By Sarah Touahri for Magharebia in Casablanca – 27/07/09
Thousands of Moroccan rai fans gathered from Thursday through Saturday (July 25th) for a three-day international music event in Oujda, the capital of Morocco's Oriental region. Big-name Maghreb rai singers Rachid Berriah, Bilal, Reda Taliani, Cheba Zehouania, Mohamed Lamine and others captivated large audiences of dedicated rai enthusiasts.
The event, which featured both traditional Moroccan folk music and modern songs, aimed to bring together international rai stars and also establish a reputation as one of Morocco's top arts spectaculars, festival director Farid Chourak told Magharebia.
"It's a landmark event for musicians," said frequent participant Rachid Berriah. The well-known artist said the Oujda international festival was an opportunity for singers to meet and promote rai music.
Mohamed Lamine agreed, saying that he felt fortunate to be taking part in such a high-profile event alongside so many established singers.
The festival was founded in 2007 to help rai music take hold in the region and open it up to the influence of other musical genres. "We're trying to reflect the plural heritage of Morocco by opening up the musical culture of the Oriental Region," organisers explained.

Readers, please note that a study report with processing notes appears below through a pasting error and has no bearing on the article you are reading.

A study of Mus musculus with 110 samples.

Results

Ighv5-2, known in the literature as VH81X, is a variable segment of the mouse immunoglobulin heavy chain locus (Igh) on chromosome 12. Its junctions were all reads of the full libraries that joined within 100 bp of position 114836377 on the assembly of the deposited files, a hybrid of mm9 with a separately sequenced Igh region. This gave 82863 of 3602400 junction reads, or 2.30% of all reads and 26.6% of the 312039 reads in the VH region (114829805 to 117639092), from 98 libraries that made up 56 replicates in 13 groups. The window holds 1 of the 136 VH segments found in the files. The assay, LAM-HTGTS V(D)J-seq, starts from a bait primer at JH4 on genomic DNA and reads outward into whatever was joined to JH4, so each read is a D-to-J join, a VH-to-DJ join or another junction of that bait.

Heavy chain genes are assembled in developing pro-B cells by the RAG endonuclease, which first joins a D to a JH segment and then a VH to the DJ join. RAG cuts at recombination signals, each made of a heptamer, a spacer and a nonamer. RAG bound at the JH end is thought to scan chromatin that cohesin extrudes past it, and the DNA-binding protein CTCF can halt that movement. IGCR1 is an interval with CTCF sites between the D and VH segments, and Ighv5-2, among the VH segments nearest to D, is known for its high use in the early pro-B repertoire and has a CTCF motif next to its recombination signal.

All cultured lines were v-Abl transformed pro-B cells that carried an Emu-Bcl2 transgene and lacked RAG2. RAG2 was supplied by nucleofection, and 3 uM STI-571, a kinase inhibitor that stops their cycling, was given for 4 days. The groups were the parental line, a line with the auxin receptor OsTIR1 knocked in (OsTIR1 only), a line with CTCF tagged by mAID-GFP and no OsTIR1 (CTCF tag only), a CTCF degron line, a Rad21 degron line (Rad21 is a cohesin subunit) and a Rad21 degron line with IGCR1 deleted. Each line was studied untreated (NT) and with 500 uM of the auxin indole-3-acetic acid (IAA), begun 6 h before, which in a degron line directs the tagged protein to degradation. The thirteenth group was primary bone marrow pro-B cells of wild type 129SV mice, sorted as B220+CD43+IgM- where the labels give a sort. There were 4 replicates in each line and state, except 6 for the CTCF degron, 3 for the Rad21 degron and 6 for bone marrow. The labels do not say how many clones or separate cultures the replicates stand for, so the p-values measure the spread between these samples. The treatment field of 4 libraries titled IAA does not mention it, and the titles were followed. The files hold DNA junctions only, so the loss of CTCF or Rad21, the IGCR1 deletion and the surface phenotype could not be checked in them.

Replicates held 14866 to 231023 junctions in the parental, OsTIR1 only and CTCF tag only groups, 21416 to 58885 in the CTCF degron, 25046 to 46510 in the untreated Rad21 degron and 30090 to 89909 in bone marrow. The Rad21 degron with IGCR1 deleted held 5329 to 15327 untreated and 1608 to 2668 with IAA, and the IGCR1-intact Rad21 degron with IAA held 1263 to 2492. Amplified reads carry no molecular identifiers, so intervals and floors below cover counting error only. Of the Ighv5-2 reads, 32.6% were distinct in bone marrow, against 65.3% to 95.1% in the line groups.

The Oujda rai celebration has proved to be a financial boon to the region.
"The festival puts the spotlight on our city's development and boosts tourism and local investment," noted local teacher Nadia Hajri.
High-calibre performers lit up the evenings during the festival. The elegant Latifa Raafat, a first-time participant to the festival, got the event under way with her well-known songs. The audience sang along in unison.
"The event has attracted more than 700,000 people. That's a dream for any artist," Raafat said with joy. To the delight of spectators, Raafat sang a duet with Lamine that blended modern Moroccan music with rai.
Ahmed, a young IT worker from Nador, said the event could not be missed, as it was an opportunity to come face-to-face with rai musicians.
"Rai is best enjoyed live," he said, dancing along to Lamine's music.